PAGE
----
Famous last words: John Degenkolb
John Degenkolb wins, Giro d'Italia 2013, stage five
The dream was there from the beginning, since the winter of 2000/2001. I had success right away at the international three-day race for juniors in Berlin - the kids' tour. I won it twice, as an under-13 and an under-15.
Put me in the box with Peter Sagan and Thor Hushovd. There are many riders of this time who can handle short climbs and sprint. Could I be a future Paris-Roubaix winner? Maybe so, along with Luke Durbridge and Taylor Phinney.
Mark Cavendish and I have a good relationship. We've known each other from Highroad but didn't race that much together. He was there when I won Frankfurt, but he pulled out after a few kilometres. We raced together again at the Vuelta, but he was also out of it after four days!
Cycling's passion is felt in Belgium - it can't be compared to anywhere in the world. For example, rolling to the start in Bruges for the Tour of Flanders or Omloop Het Nieuwsblad's start in Ghent, you feel like a rock star on the podium in front of all the crowds.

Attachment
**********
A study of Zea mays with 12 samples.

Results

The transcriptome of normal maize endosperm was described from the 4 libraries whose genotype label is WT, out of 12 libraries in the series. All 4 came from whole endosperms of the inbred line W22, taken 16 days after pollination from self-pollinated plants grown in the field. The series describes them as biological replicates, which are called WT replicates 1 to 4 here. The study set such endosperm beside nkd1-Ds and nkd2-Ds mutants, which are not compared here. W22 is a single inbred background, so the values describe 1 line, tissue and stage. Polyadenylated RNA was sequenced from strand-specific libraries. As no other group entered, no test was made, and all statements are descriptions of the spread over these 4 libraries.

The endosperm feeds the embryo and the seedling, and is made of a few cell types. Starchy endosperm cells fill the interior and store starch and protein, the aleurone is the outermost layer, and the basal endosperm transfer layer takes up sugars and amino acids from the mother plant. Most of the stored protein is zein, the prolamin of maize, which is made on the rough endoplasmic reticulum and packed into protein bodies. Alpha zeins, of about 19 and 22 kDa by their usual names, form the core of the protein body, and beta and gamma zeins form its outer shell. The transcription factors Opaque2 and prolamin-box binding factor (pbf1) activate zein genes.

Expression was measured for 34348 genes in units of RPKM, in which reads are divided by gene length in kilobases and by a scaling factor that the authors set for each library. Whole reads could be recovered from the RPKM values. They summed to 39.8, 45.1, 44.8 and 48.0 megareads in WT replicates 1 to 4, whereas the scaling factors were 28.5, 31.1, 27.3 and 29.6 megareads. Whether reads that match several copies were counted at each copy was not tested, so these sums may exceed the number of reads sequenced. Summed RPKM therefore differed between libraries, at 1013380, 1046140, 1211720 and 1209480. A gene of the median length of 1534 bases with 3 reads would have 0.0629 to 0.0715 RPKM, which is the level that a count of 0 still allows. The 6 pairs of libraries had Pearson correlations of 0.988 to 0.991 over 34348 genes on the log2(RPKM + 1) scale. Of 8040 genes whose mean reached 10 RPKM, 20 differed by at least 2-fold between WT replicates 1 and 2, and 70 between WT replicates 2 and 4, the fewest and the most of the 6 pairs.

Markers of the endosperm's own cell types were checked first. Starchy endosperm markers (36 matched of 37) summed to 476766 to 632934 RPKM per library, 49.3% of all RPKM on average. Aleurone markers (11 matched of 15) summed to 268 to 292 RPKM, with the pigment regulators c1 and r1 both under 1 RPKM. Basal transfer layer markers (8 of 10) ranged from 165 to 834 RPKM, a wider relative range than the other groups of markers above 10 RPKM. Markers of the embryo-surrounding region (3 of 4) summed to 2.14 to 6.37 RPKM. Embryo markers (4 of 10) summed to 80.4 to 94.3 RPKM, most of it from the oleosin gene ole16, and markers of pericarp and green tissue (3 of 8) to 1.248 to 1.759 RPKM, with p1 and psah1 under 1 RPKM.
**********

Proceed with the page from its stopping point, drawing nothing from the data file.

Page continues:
German cycling is different, with me, Tony Martin and Marcel Kittel. What came out years ago with T-Mobile, like what happened in Holland with Rabobank, is good. We can't really restart a new generation of culture of cycling if we just close the book without making everything clear - that there are no longer secrets.
Jan Ullrich won the Tour de France in 1997 and Erik Zabel took several green jerseys. Those guys were big idols for us growing up in Germany and they were the reason why we started in cycling. At one point, however, you realise that everything they did was just a big lie. It was hard to work every day for your dream, to be pro, given what was going on.
Good cop, bad cop? I was a good cop. I trained as a policeman, living every day in the barracks for two years. It was really serious stuff. I joined a sports unit with eight guys, and it lasted another two years. I then worked in a normal police station as a traffic cop. I had to do 100 days of service.
Plan Bs are always important. My police training gives me some kind of security. You never know what happens. Maybe in five to 10 years, there will not be as many teams and it's hard to remain pro. You need to be able to have a life afterwards. I'll be a policeman!
This article was first published in the July 11 issue of Cycling Weekly. Read Cycling Weekly magazine on the day of release where ever you are in the world International digital edition, UK digital edition. And if you like us, rate us!